Originating Author: G Berton Latamore
Moderator: Peter Burris
Analyst: David Floyer
Twenty years of talking about the demise of tape becomes a habit, yet large- and medium-sized organizations find tape to be a viable technology option for many data management challenges. For organizations that need very fast recovery, tape remains a key technology that is unlikely to go away soon. The promise that bandwidth would replace trucks for moving large amounts of data has not come true because the amount of growth in the data that needs to be backed up exceeds the rate of growth of bandwidth, and will continue to for the foreseeable future. This gives tape a financial advantage over disk as an off-site backup technology that is compounded by the lower energy cost of tape versus disk over the lifetime of the stored data. Tape also has a much longer storage life than disk, eliminating the need to move data to new media during its lifetime. Organizations that need a cheap copy of data in a “write once/read rarely” mode also are attracted by tape economics that show a 3X to 100X price advantage over disk technologies as a viable approach of sustaining their data.
One primary reason that tape continues to be viable is that since the mid-1990s the tape industry has delivered media exceeding the capacity of the largest disk. That changed the dynamic associated with backing up volumes (one tape could backup multiple disks rather than the reverse). Consequently tape’s advantages in terms of remote storage, price and its association with legacy applications that are designed to use it rather than disk for managing archiving, continue to exceed the issues of finding specific files, physically moving and securing tapes, and the performance limits associated with serial access.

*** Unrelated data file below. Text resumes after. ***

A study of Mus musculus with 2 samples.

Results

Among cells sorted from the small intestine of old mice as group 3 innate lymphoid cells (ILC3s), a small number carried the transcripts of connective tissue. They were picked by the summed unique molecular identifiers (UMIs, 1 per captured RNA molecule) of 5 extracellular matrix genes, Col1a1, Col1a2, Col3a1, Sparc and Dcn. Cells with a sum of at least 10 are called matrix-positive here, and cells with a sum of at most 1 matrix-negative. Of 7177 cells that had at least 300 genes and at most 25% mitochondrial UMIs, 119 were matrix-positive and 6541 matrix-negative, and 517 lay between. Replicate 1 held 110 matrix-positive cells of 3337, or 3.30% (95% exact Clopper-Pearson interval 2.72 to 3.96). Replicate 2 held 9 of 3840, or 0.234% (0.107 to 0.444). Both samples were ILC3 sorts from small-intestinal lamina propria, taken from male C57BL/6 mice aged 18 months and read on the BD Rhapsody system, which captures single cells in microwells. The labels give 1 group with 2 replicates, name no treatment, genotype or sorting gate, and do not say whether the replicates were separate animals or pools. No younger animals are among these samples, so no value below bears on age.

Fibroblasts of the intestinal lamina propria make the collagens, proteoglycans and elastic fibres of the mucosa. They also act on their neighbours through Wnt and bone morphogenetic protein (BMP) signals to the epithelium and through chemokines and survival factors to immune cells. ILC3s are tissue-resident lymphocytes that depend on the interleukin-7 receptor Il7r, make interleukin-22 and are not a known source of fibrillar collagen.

In the last few years we have started seeing some vendors push hard to advance truly integrated tape and disk library technology (as opposed to pure disk “virtual tape” solutions) outside the mainframe world to minimize tape’s issues while maximizing its advantages by delivering automated 90/90 solutions (90 days on disk/90 years on tape). These products show such significant promise for optimizing the cost/benefit ratio for long-term storage administration, making the biggest question in tape’s future not its viability but whether the tape vendors will step up to drive technology forward.
It is clear that the application needs for tape are in place. What is less clear is whether storage suppliers will continue to be seduced by “disk only” product lines that are easier to market but don’t necessarily solve the core problems of backup, restore and solid data movement and administration.
Action Item: The practices and architectures associated with tape are becoming issues in today’s market. Users should continue to focus attention on data classification, deduplication and other architectural practices associated with backup and archive. They should also push vendors to find ways to deliver high-quality tape solutions that meet the real business needs of storage administration and data archiving.